Social media’s security risks: How to protect yourself
Saturdays at CPA Success are usually spent reviewing online tools that can help increase our productivity. Keep in mind that we do not endorse any of these services. We simply offer them up for your consideration. Do your own homework and find the service that best meets your needs.
As great a tool as it is, social media technology does raise some concerns, with security usually at the top of the list. Chris Jenkins of the Ohio Society of CPAs has been doing some thinking on the subject and offers some great advice. Chris?
Recently the SNOsoft Research Team released an excellent blog post titled "Facebook from the hackers perspective." In the article, they detail a social engineering / phishing attack built on information found within online communities. After reading the article, several things came to mind:
Would a simple security awareness program have saved them?
While it’s possible, it’s unlikely due to the nature of the attack. Phishing through cross-site scripting can be almost undetectable. Obviously, the attack was well implemented if someone with firewall credentials was compromised. Perhaps the staff would have trusted the engineered account less if they had been warned about the potential risk. Just seeing, "Omigawd have you seen this I think we got hacked!" should have raised some red flags. Staff could have been trained not to click hacked links.
Would shutting off access to social networking sites have saved them?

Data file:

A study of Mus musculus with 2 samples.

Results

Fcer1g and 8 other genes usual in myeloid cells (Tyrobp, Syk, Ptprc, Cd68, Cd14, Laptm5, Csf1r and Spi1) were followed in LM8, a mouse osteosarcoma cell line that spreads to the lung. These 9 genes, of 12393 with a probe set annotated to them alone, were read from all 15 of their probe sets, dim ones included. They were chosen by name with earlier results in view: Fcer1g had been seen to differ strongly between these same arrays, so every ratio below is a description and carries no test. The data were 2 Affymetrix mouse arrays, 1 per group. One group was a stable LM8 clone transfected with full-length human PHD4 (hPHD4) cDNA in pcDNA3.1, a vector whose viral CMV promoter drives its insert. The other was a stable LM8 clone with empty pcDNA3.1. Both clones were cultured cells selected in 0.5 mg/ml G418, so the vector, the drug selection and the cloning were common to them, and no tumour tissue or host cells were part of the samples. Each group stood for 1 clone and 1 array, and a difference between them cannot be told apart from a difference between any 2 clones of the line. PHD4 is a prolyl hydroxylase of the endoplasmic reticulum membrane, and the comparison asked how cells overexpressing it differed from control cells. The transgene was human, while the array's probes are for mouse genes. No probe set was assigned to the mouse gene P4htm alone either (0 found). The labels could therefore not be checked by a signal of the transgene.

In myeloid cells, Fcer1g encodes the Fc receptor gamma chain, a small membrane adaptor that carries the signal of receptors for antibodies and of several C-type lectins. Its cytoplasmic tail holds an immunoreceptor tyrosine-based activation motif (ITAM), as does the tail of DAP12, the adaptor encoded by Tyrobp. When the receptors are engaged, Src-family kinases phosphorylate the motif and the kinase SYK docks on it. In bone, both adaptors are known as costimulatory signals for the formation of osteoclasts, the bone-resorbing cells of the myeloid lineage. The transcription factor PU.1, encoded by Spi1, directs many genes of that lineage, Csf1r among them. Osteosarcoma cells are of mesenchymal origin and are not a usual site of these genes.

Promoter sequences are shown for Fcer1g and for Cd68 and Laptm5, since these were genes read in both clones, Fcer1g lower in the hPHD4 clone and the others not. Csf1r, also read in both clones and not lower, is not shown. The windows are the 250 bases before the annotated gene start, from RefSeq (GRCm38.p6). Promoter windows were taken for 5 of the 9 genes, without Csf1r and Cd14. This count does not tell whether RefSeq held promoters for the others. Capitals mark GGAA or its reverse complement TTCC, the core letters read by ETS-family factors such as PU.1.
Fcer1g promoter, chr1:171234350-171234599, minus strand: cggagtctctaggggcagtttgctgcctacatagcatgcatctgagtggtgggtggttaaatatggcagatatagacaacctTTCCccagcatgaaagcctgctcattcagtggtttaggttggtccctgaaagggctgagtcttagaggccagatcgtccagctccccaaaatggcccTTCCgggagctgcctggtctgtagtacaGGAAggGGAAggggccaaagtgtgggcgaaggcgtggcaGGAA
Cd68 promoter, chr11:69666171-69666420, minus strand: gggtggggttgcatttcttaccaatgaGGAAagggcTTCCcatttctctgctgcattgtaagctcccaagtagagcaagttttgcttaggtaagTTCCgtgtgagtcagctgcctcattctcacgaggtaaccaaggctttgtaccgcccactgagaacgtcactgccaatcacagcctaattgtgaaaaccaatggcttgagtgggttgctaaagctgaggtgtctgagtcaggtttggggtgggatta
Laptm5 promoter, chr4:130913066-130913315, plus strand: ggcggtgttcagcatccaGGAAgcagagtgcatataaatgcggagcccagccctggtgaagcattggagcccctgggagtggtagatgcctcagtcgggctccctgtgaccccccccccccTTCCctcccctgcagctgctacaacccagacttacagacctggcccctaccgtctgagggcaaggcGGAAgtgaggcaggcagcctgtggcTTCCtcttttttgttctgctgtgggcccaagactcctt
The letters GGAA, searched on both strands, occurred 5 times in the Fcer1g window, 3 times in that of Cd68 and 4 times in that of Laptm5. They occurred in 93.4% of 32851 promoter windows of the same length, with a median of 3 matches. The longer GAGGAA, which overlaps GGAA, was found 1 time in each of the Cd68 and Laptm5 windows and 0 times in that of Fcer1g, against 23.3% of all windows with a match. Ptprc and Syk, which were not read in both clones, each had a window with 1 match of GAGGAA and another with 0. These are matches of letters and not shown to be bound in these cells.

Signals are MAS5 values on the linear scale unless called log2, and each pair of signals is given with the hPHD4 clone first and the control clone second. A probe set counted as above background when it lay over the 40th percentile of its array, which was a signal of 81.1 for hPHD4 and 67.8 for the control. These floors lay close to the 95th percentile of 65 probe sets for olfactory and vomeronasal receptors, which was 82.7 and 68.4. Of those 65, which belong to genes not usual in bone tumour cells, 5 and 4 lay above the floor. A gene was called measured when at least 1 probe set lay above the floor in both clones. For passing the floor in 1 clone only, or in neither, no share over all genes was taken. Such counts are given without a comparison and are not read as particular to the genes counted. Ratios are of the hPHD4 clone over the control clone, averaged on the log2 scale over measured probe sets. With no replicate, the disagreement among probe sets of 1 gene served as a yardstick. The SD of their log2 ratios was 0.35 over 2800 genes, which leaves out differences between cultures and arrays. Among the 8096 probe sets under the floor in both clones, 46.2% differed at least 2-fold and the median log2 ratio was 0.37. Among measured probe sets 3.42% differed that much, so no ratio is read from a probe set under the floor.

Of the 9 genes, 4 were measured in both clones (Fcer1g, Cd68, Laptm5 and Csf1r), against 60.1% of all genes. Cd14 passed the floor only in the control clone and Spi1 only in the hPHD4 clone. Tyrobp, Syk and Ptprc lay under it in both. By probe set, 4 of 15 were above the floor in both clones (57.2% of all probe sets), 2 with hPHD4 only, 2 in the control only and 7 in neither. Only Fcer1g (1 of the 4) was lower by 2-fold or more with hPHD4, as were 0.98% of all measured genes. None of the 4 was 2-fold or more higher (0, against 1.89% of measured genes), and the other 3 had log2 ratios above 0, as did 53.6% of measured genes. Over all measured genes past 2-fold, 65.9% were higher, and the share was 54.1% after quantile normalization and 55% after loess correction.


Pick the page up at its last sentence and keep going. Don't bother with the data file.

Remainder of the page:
Nope. People will continue to utilize communities regardless of access restrictions. Mobile capabilities, open APIs and third-party sites make blocking social networks unrealistic. More important, the benefit of social networking will outweigh the risks in most organizations.
Would a good documentation and change management program have saved them?
Most likely. With proper documentation and change management, the vulnerability would have been identified or never existed. This vulnerability most often occurs when programmers fail to test code properly and would have been captured in the testing phase of a change management process.
Of course, we know what did save them …
A security vulnerability scan saved this company from a potentially devastating breach. So in these times of budget cuts, I’d be very cautious about rolling back on that security budget.
With the economy down and people out of work, cyber attacks will be on the rise. Make sure you’re doing your due diligence to protect your assets. A security audit should be conducted yearly and recovering from a data breach should be part of your business continuity planning.